U.S. - Massachusetts
Non-competition Agreements (General Rule).
Per Aspect Software v Barnett (D. Mass., 2011.May.27), the key conditions for enforcement of a non-competition agreement are that they are "necessary to protect a legitimate business interest,reasonably limited in time and space; and consonant with the public interest." The foregoing citation quotes from Boulanger v. Dunkin Donuts, 441 Mass. 635, 639 (2004).
Duration. The Aspect Software decision further states, with citations to Massachusetts cases, that "courts have upheld non-compete periods significantly longer than one year."2013.May.28 Massachusetts Court Declines to Enforce Non-compete
Equitable relief denied -- due to the executive's material change in duties (due to promotion) and his non-compete agreement being made with a smaller company rather than the larger one that bought it. Here is a relevant excerpt from Rent-a-PC vs. March:
Similarly, Cole experienced a material change in his employment relationship between the time he entered into the restrict covenants that SmartSource seeks to enforce and his resignation. He initially worked for All Service Computer Rental, Inc. (“ASCR”), first in the inventory department and then in the sales department. He signed an agreement with ASCR in 2002 containing non-disclosure, non-competition, and non-solicitation provisions, at which time he was an outside sales person.
SmartSource acquired ASCR in 2003. Although Cole’s official title never changed, it appears from the materials submitted in connection with the present motion that his duties, authority, and compensation may have changed substantially. As of his resignation, he had become “one of SmartSource’s most successful account executives, earning approximately $160,900 . . . in base pay in 2012” and was “the face of SmartSource to many of its customers.” (Am. Compl. ¶¶ 42, 43 (dkt. no. 7).) Under F.A. Bartlett, such material changes could well mean that Cole’s 2002 agreement with ASCR was no longer in effect. What is more, Cole’s agreement was with ASCR, which was much smaller than SmartSource and much more limited in scope.
Because his intent was to enter into restrictive covenants with this smaller company, it would be inequitable to enforce these covenants against him in relation to SmartSource.2012.Apr.28 Material Change in Post-Closing Employment Terms - New Noncompete Needed (Grace Hunt IT v SIS, Mass. Sup. Ct.). In the aftermath of M&A transaction, the buyer notified seller's key employees by letter describing a new more incentive-based compensation structure, and warning that they would have to sign a new non-competition agreement. Here are quotations from the court's ruling that denied enforcement of the non-competition agreements in effect before the closing:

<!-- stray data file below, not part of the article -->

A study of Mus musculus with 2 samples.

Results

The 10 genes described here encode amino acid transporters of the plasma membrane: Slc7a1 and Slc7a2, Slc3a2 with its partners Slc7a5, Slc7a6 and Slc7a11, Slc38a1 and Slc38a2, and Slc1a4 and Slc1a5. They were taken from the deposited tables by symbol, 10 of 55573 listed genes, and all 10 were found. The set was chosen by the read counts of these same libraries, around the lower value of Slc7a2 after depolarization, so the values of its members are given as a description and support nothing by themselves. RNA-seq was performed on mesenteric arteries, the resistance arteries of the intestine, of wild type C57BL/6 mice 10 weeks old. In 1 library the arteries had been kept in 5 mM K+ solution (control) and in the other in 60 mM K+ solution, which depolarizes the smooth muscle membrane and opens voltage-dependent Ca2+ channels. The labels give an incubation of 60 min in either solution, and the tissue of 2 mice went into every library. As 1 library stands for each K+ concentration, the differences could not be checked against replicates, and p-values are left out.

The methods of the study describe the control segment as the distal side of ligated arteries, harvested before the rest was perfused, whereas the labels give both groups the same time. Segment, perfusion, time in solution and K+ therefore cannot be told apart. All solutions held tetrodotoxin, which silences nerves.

"It is well-settled under Massachusetts law that each time an employee's employment relationship with the employer changes materially such that they have entered into a new employment relationship a new restrictive covenant must be signed." Iron Mountain, 455 F. Supp. 2d at 132-133.
There is sufficient evidence, at this stage, to suggest that under the new compensation plan, Joyce and Olsen would have made significantly less, at least until there was sufficient work to enable them to bil enough hours to be eligible for bonuses. That their fringe benefits were better, as the plaintiff stlggests, is also immaterial. Under F.A. Bartlett and its progeny, it is the existence of a material change in the relationship that voids the prior non-compete agreement, not the nature of that change.
2011.Aug.29 Souter on Non-Compete Drafting.
In a First Circuit decision denying equitable relief because the employer's protection period had expired, former Sup. Ct. Justice Souter notes that the employer could have drafted the underlying agreement to provide for "tolling during the term of litigation, or for a period of restriction to commence upon a preliminary finding of breach." EMC Corp. v. Arturi (1st Cir., 8/26/2011).